Yesterday was Black Friday, the busiest shopping day of the year in the U.S. Thanksgiving — a holiday centered on gratitude and sharing with family — always falls on a Thursday, and many people also have the following day off. Given the nearness of the year-end gift-giving season, this “free” Friday is the perfect day for many to go shopping. Having long recognized the opportunity, retailers offer attractive discounts to spur buyers.

The result is a potent mix of three things I dislike: short-term thinking, mindless consumption, and crowds. So I avoid stores on Black Friday. But this year, my family and I went one better: we took something we’d set aside but hadn’t yet discarded and brought it back to life. We did it as a group and had a lot of fun. I’d love for this to become a new tradition for us, so I’m giving it a name: Back Friday.

We celebrated Back Friday by bringing back our old Wii console. I’ve owned this device for well over a decade, since before my first child was born. It’s been obsolete for a long time, and its graphics are embarrassingly poor for 2019. But it’s also a blast. And it’s especially fun to play as a family. While other video games call for intense individual concentration, the Wii’s game mechanics (especially those of the bundled game, Wii Sports) accommodate multiple players with varying skill levels and engage more of the body than just the eyes, ears, and thumbs.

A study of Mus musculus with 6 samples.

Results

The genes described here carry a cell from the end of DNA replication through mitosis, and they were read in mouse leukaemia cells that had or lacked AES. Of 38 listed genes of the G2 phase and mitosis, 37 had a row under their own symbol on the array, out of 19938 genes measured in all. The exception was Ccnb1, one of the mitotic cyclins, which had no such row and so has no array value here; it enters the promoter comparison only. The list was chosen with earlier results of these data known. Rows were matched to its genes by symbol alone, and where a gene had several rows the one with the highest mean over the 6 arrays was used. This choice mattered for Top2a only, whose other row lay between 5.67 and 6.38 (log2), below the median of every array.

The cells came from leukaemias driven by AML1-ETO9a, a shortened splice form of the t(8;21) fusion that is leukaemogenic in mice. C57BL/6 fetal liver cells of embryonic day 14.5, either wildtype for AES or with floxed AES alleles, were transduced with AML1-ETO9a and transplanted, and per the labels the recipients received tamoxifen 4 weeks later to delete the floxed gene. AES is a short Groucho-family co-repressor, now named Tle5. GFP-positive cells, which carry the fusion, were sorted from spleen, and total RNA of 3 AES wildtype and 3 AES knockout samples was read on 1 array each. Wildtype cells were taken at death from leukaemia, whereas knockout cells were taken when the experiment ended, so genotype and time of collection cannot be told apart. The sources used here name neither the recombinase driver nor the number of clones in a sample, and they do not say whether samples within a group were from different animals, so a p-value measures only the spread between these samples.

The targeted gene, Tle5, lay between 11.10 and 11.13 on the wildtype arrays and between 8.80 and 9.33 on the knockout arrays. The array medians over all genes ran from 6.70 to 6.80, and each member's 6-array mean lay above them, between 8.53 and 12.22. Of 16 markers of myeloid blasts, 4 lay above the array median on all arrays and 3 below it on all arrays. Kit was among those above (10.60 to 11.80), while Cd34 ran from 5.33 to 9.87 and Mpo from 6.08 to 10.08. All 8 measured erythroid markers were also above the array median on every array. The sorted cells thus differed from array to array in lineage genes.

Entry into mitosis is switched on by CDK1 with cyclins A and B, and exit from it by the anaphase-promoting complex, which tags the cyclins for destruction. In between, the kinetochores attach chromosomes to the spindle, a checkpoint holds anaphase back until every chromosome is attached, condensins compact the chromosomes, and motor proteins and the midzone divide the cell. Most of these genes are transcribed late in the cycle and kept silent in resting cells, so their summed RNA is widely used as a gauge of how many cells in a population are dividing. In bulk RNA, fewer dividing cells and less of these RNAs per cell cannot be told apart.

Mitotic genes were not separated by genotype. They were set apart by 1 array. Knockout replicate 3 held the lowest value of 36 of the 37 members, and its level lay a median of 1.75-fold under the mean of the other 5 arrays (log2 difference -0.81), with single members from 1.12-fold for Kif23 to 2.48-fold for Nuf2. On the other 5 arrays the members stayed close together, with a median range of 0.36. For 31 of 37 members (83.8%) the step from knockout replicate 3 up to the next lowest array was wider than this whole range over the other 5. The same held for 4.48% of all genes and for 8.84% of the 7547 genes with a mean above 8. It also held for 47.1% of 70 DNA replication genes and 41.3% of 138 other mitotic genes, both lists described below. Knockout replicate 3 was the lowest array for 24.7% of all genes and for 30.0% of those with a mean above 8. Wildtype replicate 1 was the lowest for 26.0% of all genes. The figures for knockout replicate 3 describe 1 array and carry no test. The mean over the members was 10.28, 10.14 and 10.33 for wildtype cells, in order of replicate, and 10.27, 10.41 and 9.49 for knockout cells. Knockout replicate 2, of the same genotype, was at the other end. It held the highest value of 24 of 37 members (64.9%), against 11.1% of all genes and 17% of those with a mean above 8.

We’d retired our Wii years ago when my son — a toddler at the time — inserted a disc into it while there was already another disc inside, damaging the drive mechanism. Afterwards, our Wii could still play some non-disc games, but it wasn’t as much fun. As happens with so many “kinda-broken” electronics, the device went into a large plastic box along with its games, controllers, connectors, etc. It sat there taking up space and gathering dust — until yesterday. While hiking through a local park, we reminisced about how much fun we’d enjoyed playing video games over the years. We talked about the Wii, which my kids remembered being lots of fun. “What if,” we said, “we could fix it?”

When we got home, my son and I dug out the old plastic box. I got my tools and called up iFixit on my iPad. He sat next to me and helped me keep track of the tiny, varied screws. We had fun taking the thing apart while talking and listening to music. I’m not a mechanical or electronics expert, and we knew there was a chance we wouldn’t succeed. We approached it as a fun experiment. But after a bit of tinkering, we got it working again. (For the sake of transparency, this wasn’t my first time opening the Wii; I tried fixing it when it first broke, with mixed results.)

In any case, our effort resulted in a fun evening of Wii Sports. I expect it also gave my son a redemptive arc, since the story of how the console broke had become part of our family lore. More importantly, I hope the experience instills in my kids the spirit of caring for and enjoying the things we already have, rather than pining for new things. It’s a good way to emphasize gratitude and togetherness through stuff — more in the spirit of the Thanksgiving holiday than frenzied shopping. I plan to bring back Back Friday next year.